State Fire Marshall Stacy McIntire promoted to Lieutenant

State Fire Marshall Stacy McIntire was promoted on March 17, 2011 from Detective to Lieutenant. He has been with the state for 6 years, is stationed at the Lake Wales Field Office, and is First Line Supervisor to Detectives. Lieutenant McIntire can be contacted at stacy.mcintire@myfloridacfo.com

Staged auto accidents on the rise in Tampa
Latest News Local

TAMPA (Bay News 9) -- Authorities are trying to warn Bay area residents about staged auto accidents that puts consumers on the hook for the crimes.

Police call the scam "swoop and squat," and it happens when criminals intentionally cause car crashes, then file claims with insurance companies and pocket the money.

Police said the perpetrators will drive two cars, one right after the other. The first car will pull out in front of the second car, which causes that driver to hit the brakes. Often, the innocent driver behind them has no choice but to slam into the second car.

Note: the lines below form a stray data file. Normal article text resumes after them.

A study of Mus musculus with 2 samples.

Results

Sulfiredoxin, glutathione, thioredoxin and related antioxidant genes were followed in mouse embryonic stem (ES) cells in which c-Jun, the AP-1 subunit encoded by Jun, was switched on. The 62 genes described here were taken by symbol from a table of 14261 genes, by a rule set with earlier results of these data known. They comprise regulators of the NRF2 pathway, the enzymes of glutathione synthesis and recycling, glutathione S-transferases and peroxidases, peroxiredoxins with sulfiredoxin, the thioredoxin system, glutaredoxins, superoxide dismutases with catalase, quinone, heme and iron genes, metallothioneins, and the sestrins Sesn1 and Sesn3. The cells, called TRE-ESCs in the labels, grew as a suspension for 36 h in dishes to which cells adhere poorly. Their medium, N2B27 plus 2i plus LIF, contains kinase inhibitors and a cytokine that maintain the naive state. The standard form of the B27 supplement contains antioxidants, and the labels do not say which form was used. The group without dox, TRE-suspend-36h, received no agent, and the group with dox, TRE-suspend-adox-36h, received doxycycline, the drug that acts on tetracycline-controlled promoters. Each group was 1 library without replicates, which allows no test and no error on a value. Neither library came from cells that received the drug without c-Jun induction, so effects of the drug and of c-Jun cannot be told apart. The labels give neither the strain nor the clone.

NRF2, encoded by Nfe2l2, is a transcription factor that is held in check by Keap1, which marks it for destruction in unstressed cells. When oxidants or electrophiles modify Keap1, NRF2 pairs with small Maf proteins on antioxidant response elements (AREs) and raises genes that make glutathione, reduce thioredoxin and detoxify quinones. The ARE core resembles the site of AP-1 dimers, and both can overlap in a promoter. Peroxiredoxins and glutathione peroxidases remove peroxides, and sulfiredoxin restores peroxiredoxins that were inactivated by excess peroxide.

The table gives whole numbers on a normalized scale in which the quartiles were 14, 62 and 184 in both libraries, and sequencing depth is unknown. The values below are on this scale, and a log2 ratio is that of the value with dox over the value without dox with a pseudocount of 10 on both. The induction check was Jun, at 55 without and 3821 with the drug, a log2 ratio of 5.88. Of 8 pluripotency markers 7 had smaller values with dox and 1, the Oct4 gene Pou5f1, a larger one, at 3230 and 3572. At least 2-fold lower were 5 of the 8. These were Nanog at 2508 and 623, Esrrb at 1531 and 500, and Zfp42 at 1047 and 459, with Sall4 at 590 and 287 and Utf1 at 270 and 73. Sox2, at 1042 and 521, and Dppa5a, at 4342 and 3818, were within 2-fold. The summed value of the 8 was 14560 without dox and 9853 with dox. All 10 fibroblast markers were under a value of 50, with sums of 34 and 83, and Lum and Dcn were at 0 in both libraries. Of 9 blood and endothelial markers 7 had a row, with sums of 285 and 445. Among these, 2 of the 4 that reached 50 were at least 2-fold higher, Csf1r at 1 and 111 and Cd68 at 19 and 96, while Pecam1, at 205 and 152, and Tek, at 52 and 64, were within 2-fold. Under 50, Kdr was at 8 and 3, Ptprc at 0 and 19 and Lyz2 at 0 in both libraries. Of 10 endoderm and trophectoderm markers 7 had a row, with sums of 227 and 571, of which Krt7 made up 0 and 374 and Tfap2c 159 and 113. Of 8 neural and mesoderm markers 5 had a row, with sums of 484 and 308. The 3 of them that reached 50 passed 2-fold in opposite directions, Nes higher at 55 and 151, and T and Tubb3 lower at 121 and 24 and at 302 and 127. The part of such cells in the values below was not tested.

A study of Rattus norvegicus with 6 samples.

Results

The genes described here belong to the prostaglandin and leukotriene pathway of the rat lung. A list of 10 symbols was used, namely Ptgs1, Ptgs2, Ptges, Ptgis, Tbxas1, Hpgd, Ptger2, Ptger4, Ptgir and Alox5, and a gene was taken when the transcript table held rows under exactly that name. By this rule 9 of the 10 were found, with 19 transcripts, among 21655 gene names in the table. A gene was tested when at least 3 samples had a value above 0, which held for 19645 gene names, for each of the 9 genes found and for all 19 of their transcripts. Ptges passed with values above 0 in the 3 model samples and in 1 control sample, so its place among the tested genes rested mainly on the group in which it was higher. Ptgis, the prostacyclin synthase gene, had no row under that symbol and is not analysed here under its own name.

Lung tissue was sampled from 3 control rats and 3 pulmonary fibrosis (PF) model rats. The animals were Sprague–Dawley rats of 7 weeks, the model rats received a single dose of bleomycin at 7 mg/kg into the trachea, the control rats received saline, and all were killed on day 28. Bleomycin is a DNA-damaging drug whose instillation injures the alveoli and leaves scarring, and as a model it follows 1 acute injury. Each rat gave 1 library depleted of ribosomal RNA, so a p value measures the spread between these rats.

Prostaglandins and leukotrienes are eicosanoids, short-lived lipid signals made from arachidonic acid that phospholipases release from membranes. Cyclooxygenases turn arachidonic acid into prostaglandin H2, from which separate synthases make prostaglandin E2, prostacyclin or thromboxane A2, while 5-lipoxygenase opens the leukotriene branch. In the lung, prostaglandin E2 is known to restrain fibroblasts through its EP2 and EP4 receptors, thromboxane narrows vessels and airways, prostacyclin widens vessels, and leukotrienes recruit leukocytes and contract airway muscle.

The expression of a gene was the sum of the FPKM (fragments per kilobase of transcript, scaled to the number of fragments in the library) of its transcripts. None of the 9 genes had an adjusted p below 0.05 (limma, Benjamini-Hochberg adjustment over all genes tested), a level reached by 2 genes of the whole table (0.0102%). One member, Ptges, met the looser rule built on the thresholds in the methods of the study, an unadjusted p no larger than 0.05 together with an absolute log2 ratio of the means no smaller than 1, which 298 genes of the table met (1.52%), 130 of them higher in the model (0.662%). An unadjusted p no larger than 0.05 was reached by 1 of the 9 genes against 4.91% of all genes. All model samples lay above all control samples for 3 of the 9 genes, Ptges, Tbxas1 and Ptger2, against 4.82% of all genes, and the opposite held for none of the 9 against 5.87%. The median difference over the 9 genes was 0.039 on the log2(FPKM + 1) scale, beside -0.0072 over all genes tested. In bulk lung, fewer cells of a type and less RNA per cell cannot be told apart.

This kind of crime happens often in the Bay area. According to the National Insurance Crime Bureau, Tampa ranks first in Florida and second in the entire country when it comes to staged auto accidents.

Allstate Insurance spokesperson Amy Moore said staged auto accidents are happening more and more often, and consumers are the ones who end up paying the price.

"It raises our insurance premiums as much as $200 to $300 every year," she said.

Experts said that, when it comes to avoiding the scam, common sense is the best tool. Drivers should keep plenty of distance between their cars and the ones ahead of them, and they should also pay close attention to what is happening around them.

Drivers who suspect they might be involved in a phony crash are advised to call police and file a report. Put details of the crash in writing, exchange information with the other drivers involved, get contact information from any witnesses, and if possible, take pictures of the crash for evidence.

The state is also offering $25,000 rewards for information on phony claims that lead to an arrest.

Anyone who is convicted of this kind of insurance fraud could go to prison for up to five years.